K-Drama Premiere: “Just Dance” Jives Youth Characters To Their Coming-Of-Age Stories
Following its tradition of bringing in a school-set youth series, KBS’ Just Dance kicked off in energizing colors
Barely feeling campus-coming-of-age dramas this year, Just Dance suddenly felt like a novelty. Albeit a few flat frames expected for its relatively rookie actors, the seasoned actors joining the cast provided a layer of depth supporting the story.
Based on award-winning documentary which aired on KBS1 in 2017, Just Dance leans on leaving a ceaseless impression on being young and chasing dreams.
Pilot Week Recap
Living in a small town with her mother and sister, Kim Shi Eun (Park Se Wan) dreams of going to Seoul to study in a university. Although she is equipped with impressive grades, there are a lot needed to be fixed in her college application portfolio.
Enter Dance Sports Club, a less-participated school organization but seems to be the exact savior Shi Eun is looking for.
Coaxing her close friends to join, they become instant members of the club. Composed of not the brightest nor most popular bulbs in their school, the new girls of dance sports club prepare to win for an upcoming competition.
Shi Eun’s childhood friend Kwon Seung Chan (Seo Ji Hoon) has been secretly stalking the club after his practices in Judo club. He has also been forced to become his bossy friend’s dance partner, taking the girl’s role, as she practices.
A few days before the competition, Shi Eun’s partner meets an accident. Rushed for a replacement, Seung Chan gets kidnapped to take the vacated spot.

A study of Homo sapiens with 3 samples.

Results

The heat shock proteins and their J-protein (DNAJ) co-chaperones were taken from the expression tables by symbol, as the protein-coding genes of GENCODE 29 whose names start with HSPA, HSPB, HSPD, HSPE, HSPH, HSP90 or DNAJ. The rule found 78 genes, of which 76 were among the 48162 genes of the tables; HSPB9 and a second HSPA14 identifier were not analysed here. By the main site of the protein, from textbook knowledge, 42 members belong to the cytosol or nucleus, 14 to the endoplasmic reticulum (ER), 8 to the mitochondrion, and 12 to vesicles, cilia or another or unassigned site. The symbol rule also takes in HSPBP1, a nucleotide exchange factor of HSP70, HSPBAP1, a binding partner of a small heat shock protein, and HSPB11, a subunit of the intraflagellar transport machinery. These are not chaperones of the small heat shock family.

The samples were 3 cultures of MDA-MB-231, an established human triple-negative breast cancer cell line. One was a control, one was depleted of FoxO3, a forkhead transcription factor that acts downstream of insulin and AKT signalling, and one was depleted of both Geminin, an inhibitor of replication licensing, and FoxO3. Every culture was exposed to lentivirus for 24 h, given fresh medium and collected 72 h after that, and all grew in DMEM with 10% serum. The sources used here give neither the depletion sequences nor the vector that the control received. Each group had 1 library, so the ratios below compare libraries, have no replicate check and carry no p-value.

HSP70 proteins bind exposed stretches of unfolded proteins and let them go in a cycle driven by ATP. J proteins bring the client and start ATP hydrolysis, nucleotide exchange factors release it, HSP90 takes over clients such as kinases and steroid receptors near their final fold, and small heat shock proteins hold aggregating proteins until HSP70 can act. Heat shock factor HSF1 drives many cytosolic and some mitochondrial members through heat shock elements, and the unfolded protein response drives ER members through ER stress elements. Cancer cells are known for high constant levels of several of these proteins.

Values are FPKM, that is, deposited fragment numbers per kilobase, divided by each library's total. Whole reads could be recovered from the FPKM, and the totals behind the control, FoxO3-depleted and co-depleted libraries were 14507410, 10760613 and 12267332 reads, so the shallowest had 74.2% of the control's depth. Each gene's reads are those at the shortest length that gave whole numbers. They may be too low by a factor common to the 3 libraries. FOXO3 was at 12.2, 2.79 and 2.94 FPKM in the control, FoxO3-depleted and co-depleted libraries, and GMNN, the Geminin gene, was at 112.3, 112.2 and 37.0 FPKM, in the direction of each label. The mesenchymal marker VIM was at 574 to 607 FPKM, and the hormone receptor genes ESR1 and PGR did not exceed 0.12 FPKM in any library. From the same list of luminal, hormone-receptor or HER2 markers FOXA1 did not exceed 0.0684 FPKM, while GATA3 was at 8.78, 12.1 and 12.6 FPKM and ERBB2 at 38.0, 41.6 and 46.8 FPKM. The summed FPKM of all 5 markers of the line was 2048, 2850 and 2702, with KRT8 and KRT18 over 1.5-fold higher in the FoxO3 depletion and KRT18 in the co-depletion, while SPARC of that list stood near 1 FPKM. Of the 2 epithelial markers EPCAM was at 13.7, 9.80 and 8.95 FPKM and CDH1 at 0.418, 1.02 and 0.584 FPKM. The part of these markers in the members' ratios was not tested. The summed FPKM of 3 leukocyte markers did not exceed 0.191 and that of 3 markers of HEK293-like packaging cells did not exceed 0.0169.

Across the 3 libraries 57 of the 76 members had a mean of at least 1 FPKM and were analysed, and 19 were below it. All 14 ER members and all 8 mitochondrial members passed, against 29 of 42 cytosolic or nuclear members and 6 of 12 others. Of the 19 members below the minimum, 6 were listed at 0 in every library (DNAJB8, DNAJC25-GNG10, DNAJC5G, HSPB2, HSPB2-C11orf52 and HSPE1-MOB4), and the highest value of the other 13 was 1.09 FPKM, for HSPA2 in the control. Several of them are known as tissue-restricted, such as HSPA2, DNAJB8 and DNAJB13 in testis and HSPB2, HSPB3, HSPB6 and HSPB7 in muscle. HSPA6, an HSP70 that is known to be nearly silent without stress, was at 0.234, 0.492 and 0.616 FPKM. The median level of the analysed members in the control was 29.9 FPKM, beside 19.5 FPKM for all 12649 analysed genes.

Pilot Week Afterthoughts
Nothing extravagant was shown on the opening week of Just Dance. But I like the natural sketching of the story. Like how you would see a typical family or class of students behave in real life.
Since the plot and conflict are common, it is easy to get bored on its narrative. For that reason, the fast pacing suits well in depicting the newly-found passion this group of misfits has discovered to power the story.
Everything is mediocrely done in this new series helmed by the director of Uncontrollably Fond and Individualist Ji Young. Given it will just run for a month, I am rooting for it to neatly extend its message. Getting a good cry and a few laughs would be welcome as well.
Just Dance airs on KBS every Monday and Tuesday.
ABOUT THE WRITER
abbyinhallyuland reads and sleeps a lot when she is not traveling. Her calendar reminders are mostly K-Drama broadcast schedules and birthdays of her favorite Korean actors. Promoting K-Drama watching as stress therapy is her life advocacy. She is fond of Spencer Reid, Gregory House, Kenshin Himura, Starwars saga, Haruki Murakami and Hunter x Hunter.
Recommended Korean Dramas: Reply 1988, Nine, Misaeng, Gaksital, Discovery of Love, Because This is My First Life, Descendants of the Sun, My Love from the Star, Healer, Punch, You’re Beautiful, Coffee Prince, Princess Hours, The Greatest Love, Sungkyunkwan Scandal, City Hunter, and The Smile Has Left Your Eyes.